March on Chevron lacks community involvement
Protest fails to gain local support, notoriety for cause.
Published: Wednesday, September 12, 2012
Updated: Wednesday, September 12, 2012 15:09
Citizens of Richmond, El Cerrito and San Pablo were among those ordered to take shelter after the Aug. 6 explosion and fire at the Chevron refinery in Richmond.
On Labor Day, Sept. 3, United Public Workers for Action, (UPWA) a committee whose mission is to unite California’s public workforce and take action against the state’s public education system and also its public services, organized a march to the gates of Richmond Chevron to nationalize the energy industry in the wake of the disaster.
Fewer than 100 people gathered at Washington Park in Point Richmond to walk through the streets to Chevron’s Gate 14 located on Castro Street. Police were present at the park and followed the group to Chevron’s gate.
UPWA Committee member Charles Rachlis said, “I’m here to expose Chevron and the entire energy and extraction industry because in the hands of the 1 percent, it does more destruction than it does help.”
“These industries have to be put under labor and community control. We have to expropriate them without compensating the big share holders and we need to turn the profit of these companies into something that supports the communities in which they operate,” he said.
Although organizers of the march were angry, the explosion did not directly affect most of them as many protestors came from Oakland, Vacaville and San Francisco, among other areas. San Francisco resident and UPWA member Steve Zeltzer said he has been following Chevron’s incidents for the past 10 years and that the company’s response to the recent incident was unacceptable.
While attendees were upset with the explosion that covered most of West County in a cloud of black smoke, others were surprised and disappointed at the lack of response from locals.
Despite being confined to a wheelchair, San Pablo resident and member of the environmental protection organization the Sierra Club Kathy Paige-Jones did show up.
“I’ve been fighting to protect the environment for years. The Sierra Club has lobbyists and we’ve done a lot of fundraising to stop the drilling in Alaska but it happened anyway,” she said as she began to cry.
“(Richmond residents) need to come out and support what’s important,” she said.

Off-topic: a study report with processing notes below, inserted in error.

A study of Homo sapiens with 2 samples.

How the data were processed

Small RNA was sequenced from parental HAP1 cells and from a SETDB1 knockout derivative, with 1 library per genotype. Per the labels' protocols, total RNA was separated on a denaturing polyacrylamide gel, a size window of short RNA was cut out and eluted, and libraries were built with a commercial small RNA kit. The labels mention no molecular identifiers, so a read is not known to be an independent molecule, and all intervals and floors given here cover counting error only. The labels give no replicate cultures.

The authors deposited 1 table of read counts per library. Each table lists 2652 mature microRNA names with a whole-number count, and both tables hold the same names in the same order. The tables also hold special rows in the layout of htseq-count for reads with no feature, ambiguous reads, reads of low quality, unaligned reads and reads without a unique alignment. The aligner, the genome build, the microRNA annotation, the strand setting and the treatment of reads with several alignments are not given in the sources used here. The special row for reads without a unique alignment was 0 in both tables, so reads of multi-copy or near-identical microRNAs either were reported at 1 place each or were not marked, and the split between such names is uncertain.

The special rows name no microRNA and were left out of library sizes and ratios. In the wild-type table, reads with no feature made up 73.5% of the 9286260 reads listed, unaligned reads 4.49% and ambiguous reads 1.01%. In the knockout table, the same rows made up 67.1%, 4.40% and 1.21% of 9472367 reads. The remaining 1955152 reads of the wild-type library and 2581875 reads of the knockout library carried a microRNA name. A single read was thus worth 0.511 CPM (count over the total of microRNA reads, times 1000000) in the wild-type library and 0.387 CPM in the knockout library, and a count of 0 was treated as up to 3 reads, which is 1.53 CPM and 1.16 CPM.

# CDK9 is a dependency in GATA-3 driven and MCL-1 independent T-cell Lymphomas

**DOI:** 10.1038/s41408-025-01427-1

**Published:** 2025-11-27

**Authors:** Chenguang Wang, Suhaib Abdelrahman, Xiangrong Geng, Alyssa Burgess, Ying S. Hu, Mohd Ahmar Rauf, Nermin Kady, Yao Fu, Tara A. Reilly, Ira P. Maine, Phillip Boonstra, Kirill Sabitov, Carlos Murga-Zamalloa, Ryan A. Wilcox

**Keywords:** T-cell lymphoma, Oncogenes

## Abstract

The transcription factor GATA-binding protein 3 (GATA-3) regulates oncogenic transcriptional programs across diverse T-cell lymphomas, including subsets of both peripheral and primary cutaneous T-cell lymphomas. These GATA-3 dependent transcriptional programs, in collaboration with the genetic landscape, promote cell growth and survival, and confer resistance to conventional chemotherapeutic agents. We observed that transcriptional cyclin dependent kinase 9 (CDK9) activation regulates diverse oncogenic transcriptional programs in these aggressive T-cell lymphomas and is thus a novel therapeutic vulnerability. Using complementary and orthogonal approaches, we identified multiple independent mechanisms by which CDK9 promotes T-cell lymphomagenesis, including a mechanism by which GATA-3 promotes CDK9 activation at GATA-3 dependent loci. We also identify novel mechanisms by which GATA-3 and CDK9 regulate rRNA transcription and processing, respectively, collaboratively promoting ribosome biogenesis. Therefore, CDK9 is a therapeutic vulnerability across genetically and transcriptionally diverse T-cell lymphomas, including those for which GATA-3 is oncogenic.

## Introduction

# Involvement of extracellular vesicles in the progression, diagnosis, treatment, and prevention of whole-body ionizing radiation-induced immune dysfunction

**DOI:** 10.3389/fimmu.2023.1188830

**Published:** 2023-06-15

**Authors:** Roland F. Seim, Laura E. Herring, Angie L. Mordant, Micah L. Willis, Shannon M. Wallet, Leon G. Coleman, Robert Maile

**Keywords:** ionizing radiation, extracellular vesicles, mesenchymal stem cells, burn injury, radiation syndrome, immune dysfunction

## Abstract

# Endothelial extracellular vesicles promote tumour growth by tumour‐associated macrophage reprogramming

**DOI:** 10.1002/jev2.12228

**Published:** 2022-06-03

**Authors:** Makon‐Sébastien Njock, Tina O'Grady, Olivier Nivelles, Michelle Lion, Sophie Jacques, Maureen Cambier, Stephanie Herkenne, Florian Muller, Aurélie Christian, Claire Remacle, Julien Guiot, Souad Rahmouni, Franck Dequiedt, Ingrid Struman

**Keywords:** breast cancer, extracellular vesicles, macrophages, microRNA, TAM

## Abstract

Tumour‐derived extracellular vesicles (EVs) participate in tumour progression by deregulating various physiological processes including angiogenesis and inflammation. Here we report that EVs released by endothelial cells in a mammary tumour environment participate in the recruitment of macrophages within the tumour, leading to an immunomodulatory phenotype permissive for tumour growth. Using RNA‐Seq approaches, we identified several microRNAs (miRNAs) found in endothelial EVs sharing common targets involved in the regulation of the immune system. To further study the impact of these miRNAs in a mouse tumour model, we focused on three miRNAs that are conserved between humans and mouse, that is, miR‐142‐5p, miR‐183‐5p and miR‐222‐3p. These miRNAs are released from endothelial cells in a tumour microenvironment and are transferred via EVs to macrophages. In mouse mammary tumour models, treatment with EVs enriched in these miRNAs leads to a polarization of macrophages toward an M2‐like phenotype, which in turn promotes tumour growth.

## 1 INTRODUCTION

Sierra Club member and friend of Paige-Jones, Elizabeth Tate stood by to comfort her ally.
Tate said, “This is about their children and their children’s children. If we don’t stop it, it’s only going to get worse.”
The explosion released 9,100 pounds of sulfer-dioxide, 1,700 pounds of methane gas and 3,300 pounds of non-methane hydrocarbon, according to Chevron’s Sept. 5 report on its website.
Chevron offers reimbursement for those who paid out-of-pocket for medical or household expenses caused by the Aug. 6 fire. UPWA, however, believes Chevron is irresponsible, and has been negligent in the past on how it accommodates those affected by its mishaps.
“This has to change,” Rachlis said. “It’s only going to change by organizing the workers and the community into a fighting force that can take over these industries and stop running them in the interest of the 1 percent.”
Cindy Sheehan traveled from Vacaville to support the efforts of UPWA. Sheehan is an anti-war activist whose son Casey, a former member of the U.S. Army, was killed while fighting in the Iraq war in 2004.
“I’m here in solidarity with the call to prosecuting the people who run the refineries and the oil producing companies that rake in billions of profit dollars every year,” Sheehan said.
Sheehan believes that oil companies, including Chevron, are the underlying reason for the country’s conflicts overseas.
“I think part of the reason for these wars in the Middle East is to control their resources for the oil companies so they should be held responsible,” she said.
Charles Smith, who has lived in Richmond for 36 years, said he has endured many of Chevron’s mishaps and he is frustrated.
“I’ve gone through a lot of incidents with the refinery,” he said. “They always say, ‘we’re going to do this, we’re going to do that.’ It seems like there is a never ending, ‘we’re going to do this,’ and things don’t get done. This is a good example of what’s not being done.”